Op-ed views and opinions expressed are solely those of the author and do not necessarily represent the views of BizPac Review.
It’s amusing when people get their shorts in a tangle over gridlock. Some people think that government gridlock is an “ain’t it awful” thing, a sign of failure, a lack of “progress”.
That’s all wrong and backwards. We should pray for gridlock sometimes, because it’s the telltale sign that our system is working and that government is not the all-powerful lord over our lives. In our history a divided government and slow change has produced better long-term results. Some so-called political experts make a great mistake to believe that progress– the clarion call of the political “progressives”– comes from legislation, and an even worse mistake that additional legislation means more progress.
When politicians work to pass insane laws, gridlock is good, because harm gets stymied when wrong-headed adversaries are bottled up and checkmated. Gridlock often allows time for anger and ill-will to simmer down, and for reasonable compromise to raise its head. Gridlock is the absence of legislative and executive action, providing relief from would-be poisonous activities. And, gridlock helps give minorities and the minority viewpoint a bigger voice.
For the business community, when government is not doing us any favors, gridlock is good. When government is actually hurting us, gridlock is great. When government is causing businesses to fail or stop creating jobs, gridlock becomes essential. But the progressives complain when Congress doesn’t get much done: “Congress hasn’t been productive, Congressional inaction is a problem”, they lament. This liberal approach to government is that more legislation and more laws is good, and the failure to add laws to the books is something requiring explanation. The truth is that we need fewer laws.
Why the griping over gridlock? It is part of the Constitutional framers’ design. The founding fathers, having fought through a revolutionary war, wanted “a system cautiously formed and steadily pursued”, as founder John Jay wrote. This meant imposing restraint on the governmental process by requiring high levels of consensus before government could act. The Constitution was written to make new legislation difficult to attain and impose. The founders designed a system to assure that most legislative proposals would never become law, and they did it by requiring two houses of Congress and the president to agree. They made it even tougher to amend the Constitution itself, and a “temperate” Senate was designed to decelerate proposed changes.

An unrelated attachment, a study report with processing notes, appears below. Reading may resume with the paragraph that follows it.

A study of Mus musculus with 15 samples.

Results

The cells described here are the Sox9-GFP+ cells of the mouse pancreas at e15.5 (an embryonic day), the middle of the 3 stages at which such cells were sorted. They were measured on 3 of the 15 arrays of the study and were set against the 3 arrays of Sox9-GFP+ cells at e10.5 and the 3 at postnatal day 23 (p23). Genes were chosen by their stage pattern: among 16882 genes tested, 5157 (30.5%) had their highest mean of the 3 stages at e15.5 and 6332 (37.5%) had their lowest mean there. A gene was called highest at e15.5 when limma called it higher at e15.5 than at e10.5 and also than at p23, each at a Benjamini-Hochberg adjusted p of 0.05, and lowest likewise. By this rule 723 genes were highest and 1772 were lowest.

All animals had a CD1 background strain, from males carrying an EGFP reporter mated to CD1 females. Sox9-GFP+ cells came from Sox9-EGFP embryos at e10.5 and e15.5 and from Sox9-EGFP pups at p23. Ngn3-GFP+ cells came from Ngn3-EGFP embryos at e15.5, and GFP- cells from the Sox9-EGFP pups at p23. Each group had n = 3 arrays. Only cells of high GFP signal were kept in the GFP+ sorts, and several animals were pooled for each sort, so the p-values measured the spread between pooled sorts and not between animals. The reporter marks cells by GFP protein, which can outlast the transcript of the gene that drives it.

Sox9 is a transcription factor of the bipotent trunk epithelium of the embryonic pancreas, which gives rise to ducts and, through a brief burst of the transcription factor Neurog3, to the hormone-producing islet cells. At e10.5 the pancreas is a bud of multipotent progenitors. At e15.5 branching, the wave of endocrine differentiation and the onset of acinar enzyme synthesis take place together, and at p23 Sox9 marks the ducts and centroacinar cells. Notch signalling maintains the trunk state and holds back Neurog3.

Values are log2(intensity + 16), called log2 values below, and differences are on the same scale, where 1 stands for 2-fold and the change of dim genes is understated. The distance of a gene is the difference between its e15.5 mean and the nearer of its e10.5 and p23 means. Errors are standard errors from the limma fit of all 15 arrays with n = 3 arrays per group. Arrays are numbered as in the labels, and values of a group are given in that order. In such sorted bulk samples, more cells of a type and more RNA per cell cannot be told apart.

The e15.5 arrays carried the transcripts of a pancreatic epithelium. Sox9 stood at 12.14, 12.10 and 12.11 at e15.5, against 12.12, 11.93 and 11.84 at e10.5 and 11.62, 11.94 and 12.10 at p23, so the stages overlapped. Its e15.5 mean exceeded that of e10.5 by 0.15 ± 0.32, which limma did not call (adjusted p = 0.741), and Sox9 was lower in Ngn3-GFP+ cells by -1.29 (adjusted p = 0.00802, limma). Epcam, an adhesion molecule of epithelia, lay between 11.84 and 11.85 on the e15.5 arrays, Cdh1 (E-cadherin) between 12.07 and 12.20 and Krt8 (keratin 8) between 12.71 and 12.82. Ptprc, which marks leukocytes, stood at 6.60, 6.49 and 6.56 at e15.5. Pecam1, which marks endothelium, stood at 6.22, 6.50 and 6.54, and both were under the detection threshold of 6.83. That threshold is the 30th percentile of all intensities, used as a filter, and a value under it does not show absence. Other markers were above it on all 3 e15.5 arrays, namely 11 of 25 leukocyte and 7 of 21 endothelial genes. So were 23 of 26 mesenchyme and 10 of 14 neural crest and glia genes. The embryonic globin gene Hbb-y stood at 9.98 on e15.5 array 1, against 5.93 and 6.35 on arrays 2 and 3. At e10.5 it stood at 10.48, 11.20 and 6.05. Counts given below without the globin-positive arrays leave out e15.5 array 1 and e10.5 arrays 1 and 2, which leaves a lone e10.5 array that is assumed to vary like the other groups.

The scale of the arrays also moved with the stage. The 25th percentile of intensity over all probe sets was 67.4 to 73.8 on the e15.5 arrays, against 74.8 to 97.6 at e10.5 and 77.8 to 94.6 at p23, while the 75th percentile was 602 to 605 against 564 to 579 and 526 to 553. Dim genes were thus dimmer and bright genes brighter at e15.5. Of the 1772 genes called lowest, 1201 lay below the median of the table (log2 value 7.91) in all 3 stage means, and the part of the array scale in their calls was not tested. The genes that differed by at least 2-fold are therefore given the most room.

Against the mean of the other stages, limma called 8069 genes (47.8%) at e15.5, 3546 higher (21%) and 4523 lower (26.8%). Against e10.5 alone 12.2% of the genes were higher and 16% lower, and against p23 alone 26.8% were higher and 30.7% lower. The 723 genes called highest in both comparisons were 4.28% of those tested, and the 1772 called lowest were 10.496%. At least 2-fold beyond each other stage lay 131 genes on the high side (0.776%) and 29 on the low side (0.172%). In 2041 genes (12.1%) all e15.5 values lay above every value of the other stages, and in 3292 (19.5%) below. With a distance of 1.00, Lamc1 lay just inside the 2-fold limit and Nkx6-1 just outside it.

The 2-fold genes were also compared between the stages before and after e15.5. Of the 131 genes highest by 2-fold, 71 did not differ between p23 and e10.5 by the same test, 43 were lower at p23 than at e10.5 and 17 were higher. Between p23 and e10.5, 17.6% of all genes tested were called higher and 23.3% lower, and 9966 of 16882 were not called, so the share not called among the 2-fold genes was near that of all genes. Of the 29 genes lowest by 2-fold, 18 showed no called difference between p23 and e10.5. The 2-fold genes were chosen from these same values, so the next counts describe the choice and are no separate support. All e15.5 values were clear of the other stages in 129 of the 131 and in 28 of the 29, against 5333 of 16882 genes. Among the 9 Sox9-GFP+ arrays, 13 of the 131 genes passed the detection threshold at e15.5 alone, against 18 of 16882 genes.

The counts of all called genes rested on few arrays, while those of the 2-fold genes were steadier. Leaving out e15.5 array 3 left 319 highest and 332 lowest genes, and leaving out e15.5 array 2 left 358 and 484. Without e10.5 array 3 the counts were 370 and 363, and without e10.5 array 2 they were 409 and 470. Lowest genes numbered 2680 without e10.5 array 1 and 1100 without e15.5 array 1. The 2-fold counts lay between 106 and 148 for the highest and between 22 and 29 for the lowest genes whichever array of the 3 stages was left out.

Recently, a leftist journalist said that a Trump presidency would be an awful thing because no governmental agency will get along with him, Trump will have both houses of Congress in an uproar, and all of Washington trying to thwart his every move so he won’t get anything done.
In truth, that is what I hope will happen. The one thing that the business community loves across the nation, most of the time, is a stymied government. When that happens, it usually means no new regulations and onerous laws are being passed, no new programs are being created along with their new taxes. We are wallowing in laws in this country already. Gridlock means risks to businesses are reduced and, often, restraints to our freedom may never come to pass. Gridlock is better than malfunction or oppression.
By design, our system of government should demand broad, durable majorities before it will permit major change. Since government competence is usually unattainable, gridlock and bickering may well be a good price to pay for opposing the transformers by tying their hands and stopping them from imposing more laws. Handcuffing Washington is usually a good thing, a big win. Valuable things are not so easily created but they are easily destroyed.
After the debacle of Obamacare, Obama has been finding it more difficult to move most of his domestic agenda. When a dangerous president can’t get something done because of gridlock, I say hallelujah. The democratic system is working, Congress is taking its constitutional duties seriously. Slow change should be the norm, not the exception. When consensus is lacking, it’s good that lawmaking machinery grinds to slower pace.
It should be difficult to get things passed or changed in Washington, thus requiring a climate of compromise to get something done. When compromise fails, gridlock steps in, restraint prevails, and everything defaults to the current status quo. A good system.